Switzerland’s philanthropy – increase in regulation, global philanthropy and changes in grant-making


Interview with Prof. Dr. Georg von Schnurbein, Director Center for Philanthropy Studies (CEPS)

Georg, what are the three broad issues that will drive the Swiss foundation and philanthropy sector in the next 10 years?
A first trend is the increase in regulation. Changes in business reporting, state regulation and international efforts against terrorism or money laundering have an impact on the management of grant-making foundations. Thus, the sector needs to become more transparent and has to provide more information to the public. The second trend is global philanthropy. Many large international organisations – humanitarian and philanthropic organisations – are located in Switzerland and operate globally from here. Finally, the grant-making itself will change to a higher variety of support instruments. As a general direction, one can say from donation to investment.

Which topics do you expect philanthropy to focus on?
In recent years, we have seen a slow but steady change from culture to more social and environmental issues. The areas of education and research have been strong for a long time, and will become even more important. As a consequence, philanthropists and foundations will interfere more in highly political areas which will lead to more controversial debates about philanthropic engagement.

What are the traditional philanthropists and how do you expect this to develop in the future?
Traditional philanthropists in Switzerland are private individuals in the last third of their life. Today, we see younger people getting involved in philanthropy, they are interested in innovative models and more direct involvement. Usually, foundations were labeled as “banks of the NPOs”, but the new generation wants to be an active partner. Additionally, with an increase of employed collaborators with field experience in foundations, they become more knowledgeable and develop own programmes.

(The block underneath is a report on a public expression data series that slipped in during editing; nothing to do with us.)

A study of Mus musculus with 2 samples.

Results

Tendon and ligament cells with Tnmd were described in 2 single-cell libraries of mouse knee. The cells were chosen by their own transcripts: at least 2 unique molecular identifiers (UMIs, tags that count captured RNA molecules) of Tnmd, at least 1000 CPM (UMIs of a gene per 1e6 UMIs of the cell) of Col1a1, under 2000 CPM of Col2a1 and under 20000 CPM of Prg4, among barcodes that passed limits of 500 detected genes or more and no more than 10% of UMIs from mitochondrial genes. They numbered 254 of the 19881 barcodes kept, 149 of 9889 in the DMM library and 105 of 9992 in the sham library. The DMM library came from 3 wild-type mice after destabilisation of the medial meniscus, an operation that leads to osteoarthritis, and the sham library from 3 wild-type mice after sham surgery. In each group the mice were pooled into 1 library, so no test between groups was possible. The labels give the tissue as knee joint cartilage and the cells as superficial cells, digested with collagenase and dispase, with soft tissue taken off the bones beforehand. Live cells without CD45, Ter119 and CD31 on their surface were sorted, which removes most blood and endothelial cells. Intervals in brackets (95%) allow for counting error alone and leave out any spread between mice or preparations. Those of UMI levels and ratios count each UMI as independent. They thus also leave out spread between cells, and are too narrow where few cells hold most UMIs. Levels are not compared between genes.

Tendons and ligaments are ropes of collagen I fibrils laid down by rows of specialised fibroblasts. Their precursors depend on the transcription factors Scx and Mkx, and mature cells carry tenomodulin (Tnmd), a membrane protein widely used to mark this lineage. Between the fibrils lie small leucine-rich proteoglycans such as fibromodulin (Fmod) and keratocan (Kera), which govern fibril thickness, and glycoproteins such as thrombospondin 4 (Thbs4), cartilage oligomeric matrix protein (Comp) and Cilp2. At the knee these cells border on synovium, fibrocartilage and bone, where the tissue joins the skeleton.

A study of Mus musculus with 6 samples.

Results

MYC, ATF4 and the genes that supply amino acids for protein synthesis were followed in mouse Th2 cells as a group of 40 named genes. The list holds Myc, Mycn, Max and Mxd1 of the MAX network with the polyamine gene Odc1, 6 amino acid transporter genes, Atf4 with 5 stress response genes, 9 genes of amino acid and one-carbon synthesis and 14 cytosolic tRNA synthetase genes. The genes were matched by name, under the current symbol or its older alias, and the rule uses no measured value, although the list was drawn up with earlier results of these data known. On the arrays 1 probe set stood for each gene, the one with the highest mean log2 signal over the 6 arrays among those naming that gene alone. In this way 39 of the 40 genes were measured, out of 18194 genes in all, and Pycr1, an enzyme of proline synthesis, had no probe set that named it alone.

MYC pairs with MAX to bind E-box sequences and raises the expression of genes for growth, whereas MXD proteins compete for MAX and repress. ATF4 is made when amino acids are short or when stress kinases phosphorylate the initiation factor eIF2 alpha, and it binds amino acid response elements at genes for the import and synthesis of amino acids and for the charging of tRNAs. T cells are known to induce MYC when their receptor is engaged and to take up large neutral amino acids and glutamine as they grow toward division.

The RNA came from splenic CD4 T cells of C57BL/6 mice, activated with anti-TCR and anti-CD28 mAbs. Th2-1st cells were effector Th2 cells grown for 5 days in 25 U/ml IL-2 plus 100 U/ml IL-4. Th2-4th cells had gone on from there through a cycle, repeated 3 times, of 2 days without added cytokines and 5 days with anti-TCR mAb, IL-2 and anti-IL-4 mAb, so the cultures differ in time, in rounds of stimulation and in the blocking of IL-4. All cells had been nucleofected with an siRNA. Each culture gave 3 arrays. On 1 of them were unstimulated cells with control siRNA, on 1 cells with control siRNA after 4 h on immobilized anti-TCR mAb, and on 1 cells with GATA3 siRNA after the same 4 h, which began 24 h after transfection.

What role will philanthropy take? 
Philanthropic foundations will play a more active role, but this counts only for the large foundations. As most of the foundations in Switzerland are rather small with an endowment of less than 3 Mio. USD, they will stay in the background, searching for partnerships or supporting other organisations.

Will Swiss philanthropy be more national focused or also regional and global?
We have already seen an increase of more internationally involved foundations. The combination of the humanitarian tradition, a stable political and legal system and a well-established financial sector make Switzerland a global hub of philanthropy. Currently, 20% of the Swiss foundations fulfill an international purpose. Nevertheless, regional perspectives are very strong and support the federal system of cantons in the country.

Switzerland has a long humanitarian tradition. What does this imply for the further development of philanthropy? 
The humanitarian tradition is an obligation for the state and politics to offer good and stable conditions for organisations such as the International Committee of the Red Cross (ICRC) to operate. Thus, international organisations find a fertile ground for their operations and many new organisations are located here. This facilitates exchange among the organisations and creates linkages for collaboration and co-operation. Philanthropists and foundations can take advantage of this dense network and connect easily, even for global activities. Additionally, the Swiss people are very generous for humanitarian causes. 50 percent of private donations go to international causes.

Is there any other information which you consider as vital for the sector?
With 15.6 foundations per 10,000 inhabitants, Switzerland has one of the highest densities of foundations and you will find a foundation for nearly every cause.

If people want to get informed about news and tendencies on philanthropy in Switzerland, where can they find this information?